On Thu, 2006-06-29 at 21:47 -0400, Tom Lane wrote:
> One easy thing that would be worth trying is to build with
> --enable-cassert and see if any Asserts get provoked during the
> failure case.  I don't have a lot of hope for that, but it's
> something that would require only machine time not people time.

I'll try this tomorrow.

> A couple other things to try, given that you can provoke the failure
> fairly easily:
> 1. In studying the code, it bothers me a bit that P_NEW is the same as
> InvalidBlockNumber.  The intended uses of P_NEW appear to be adequately
> interlocked, but it's fairly easy to see how something like this could
> happen if there are any places where InvalidBlockNumber is
> unintentionally passed to ReadBuffer --- that would look like a P_NEW
> call and it *wouldn't* be interlocked.  So it would be worth changing
> P_NEW to "(-2)" (this should just take a change in bufmgr.h and
> recompile) and adding an "Assert(blockNum != InvalidBlockNumber)"
> at the head of ReadBufferInternal().  Then rebuild with asserts enabled
> and see if the failure case provokes that assert.

I'll try this too.

> 2. I'm also eyeing this bit of code in hio.c:
>         /*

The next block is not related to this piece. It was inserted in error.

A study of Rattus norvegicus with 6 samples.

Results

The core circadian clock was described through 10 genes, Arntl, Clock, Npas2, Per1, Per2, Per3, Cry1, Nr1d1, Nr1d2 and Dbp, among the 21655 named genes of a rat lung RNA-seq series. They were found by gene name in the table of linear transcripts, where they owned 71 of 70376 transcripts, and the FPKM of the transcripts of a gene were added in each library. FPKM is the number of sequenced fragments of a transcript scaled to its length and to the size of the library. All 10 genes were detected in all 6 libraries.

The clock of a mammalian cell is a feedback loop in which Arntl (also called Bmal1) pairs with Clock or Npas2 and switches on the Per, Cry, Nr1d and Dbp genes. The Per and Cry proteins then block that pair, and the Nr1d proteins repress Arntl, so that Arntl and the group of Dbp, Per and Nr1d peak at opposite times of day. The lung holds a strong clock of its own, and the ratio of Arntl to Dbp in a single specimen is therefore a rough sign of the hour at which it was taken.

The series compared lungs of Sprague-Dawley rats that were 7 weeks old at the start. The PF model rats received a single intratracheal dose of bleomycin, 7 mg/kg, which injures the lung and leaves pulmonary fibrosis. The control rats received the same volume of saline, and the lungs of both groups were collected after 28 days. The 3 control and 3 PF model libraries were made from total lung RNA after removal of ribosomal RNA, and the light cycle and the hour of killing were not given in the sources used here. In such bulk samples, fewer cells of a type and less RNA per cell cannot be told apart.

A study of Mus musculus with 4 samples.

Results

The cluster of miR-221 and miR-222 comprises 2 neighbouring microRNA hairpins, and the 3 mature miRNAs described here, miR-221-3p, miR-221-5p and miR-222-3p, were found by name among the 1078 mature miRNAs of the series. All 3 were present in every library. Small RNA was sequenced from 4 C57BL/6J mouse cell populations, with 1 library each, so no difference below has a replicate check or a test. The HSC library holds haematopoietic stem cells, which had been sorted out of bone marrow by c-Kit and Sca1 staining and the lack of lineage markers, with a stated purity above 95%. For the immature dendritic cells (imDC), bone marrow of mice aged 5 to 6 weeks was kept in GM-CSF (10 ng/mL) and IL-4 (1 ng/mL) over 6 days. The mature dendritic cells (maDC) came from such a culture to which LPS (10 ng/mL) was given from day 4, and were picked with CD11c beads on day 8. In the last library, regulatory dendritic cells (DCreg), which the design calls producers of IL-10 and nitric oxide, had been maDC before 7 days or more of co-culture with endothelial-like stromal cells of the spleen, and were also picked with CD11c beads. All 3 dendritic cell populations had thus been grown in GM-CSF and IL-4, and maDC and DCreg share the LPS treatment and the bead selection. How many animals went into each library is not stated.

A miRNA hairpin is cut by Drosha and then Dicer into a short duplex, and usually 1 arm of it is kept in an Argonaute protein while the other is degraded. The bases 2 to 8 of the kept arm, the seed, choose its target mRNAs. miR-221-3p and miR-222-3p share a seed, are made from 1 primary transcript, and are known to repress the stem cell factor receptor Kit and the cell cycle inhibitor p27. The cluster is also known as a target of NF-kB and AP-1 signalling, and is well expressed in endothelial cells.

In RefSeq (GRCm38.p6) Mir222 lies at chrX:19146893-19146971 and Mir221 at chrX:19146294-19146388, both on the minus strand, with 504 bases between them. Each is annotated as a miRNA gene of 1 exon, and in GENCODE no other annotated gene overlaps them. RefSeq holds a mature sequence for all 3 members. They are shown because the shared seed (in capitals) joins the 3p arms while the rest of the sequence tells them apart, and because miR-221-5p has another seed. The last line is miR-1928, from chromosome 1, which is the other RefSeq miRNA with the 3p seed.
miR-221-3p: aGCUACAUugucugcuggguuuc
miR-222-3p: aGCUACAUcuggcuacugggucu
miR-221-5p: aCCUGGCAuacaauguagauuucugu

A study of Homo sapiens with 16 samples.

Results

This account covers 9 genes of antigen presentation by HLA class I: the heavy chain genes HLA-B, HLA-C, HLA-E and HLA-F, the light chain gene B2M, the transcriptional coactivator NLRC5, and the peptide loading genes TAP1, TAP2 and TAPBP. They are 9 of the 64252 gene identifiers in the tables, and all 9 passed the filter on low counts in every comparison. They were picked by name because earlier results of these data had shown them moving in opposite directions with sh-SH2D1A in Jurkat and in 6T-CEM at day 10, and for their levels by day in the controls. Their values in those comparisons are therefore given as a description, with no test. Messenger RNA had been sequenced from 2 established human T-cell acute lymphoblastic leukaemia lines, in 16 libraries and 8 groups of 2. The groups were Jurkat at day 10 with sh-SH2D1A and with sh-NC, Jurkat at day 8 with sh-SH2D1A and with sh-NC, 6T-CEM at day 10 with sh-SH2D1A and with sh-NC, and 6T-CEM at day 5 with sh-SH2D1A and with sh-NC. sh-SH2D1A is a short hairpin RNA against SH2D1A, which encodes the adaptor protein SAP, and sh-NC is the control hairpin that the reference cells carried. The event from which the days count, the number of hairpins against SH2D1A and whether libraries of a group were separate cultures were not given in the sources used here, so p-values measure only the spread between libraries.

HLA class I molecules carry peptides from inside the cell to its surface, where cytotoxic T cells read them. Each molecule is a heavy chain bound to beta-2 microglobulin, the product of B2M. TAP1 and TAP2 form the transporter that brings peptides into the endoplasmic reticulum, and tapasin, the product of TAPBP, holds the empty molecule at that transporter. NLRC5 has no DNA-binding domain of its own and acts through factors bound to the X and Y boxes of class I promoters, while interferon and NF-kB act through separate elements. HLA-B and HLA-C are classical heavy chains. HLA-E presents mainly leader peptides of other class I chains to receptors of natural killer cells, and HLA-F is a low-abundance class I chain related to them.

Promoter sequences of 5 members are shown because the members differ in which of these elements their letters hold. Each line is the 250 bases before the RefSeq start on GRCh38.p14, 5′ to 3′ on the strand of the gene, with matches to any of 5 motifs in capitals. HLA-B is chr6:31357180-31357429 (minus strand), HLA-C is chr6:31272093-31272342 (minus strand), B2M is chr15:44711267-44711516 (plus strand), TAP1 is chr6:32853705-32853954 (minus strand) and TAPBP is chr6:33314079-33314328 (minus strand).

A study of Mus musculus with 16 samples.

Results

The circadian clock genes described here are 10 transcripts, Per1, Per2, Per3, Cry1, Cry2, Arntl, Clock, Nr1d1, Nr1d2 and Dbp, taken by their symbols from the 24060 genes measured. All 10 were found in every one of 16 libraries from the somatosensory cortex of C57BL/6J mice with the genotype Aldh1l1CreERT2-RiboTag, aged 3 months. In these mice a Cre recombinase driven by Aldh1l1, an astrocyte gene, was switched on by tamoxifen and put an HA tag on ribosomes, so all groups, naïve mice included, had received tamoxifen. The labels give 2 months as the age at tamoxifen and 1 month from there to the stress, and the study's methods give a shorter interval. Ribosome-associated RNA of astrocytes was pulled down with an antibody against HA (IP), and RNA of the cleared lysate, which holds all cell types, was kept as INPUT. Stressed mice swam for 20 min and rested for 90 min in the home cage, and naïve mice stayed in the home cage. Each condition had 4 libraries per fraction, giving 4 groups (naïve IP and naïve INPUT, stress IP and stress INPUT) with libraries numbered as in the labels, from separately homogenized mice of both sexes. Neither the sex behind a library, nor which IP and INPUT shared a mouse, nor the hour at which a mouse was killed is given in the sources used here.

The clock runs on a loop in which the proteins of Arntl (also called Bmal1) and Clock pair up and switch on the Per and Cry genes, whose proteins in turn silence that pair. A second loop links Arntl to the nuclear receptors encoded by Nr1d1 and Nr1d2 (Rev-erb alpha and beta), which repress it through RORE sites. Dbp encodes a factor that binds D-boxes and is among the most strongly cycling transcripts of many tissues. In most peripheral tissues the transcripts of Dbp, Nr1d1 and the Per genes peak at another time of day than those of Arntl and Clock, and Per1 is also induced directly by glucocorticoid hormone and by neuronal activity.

>          * If the FSM knows nothing of the rel, try the last page before
>          * we give up and extend.  This avoids one-tuple-per-page syndrome
>          * during bootstrapping or in a recently-started system.
>          */
>         if (targetBlock == InvalidBlockNumber)
>         {
>             BlockNumber nblocks = RelationGetNumberOfBlocks(relation);
>             if (nblocks > 0)
>                 targetBlock = nblocks - 1;
>         }
> If someone else has just extended the relation, it's possible that this
> will allow a process to get to the page before the intended extender has
> finished initializing it.  AFAICT that's not harmful because the page
> will look like it has no free space ... but it seems a bit fragile.
> If you dike out the above-mentioned code, can you still provoke the
> failure?

By dike out, you mean remove?  Please confirm and I'll try it.

> A different line of attack is to see if you can make a self-contained
> test case so other people can try to reproduce it.  More eyeballs on the
> problem are always better.

Can't really see this being possible.  This is clearly a very unusual
problem and without similar hardware I doubt that anyone else will
trigger it.  We ran this system happily for nearly a year on the
previous kernel without experiencing this problem (tcp lockups are a
different matter).  Also the load is provided by a bunch of servers and
robots simulating rising and falling load.

> Lastly, it might be interesting to look at the WAL logs for the period
> leading up to a failure.  This would give us an idea of what was
> happening concurrently with the processes that seem directly involved.

Next time we reproduce it, I'll take a copy of the WAL files too.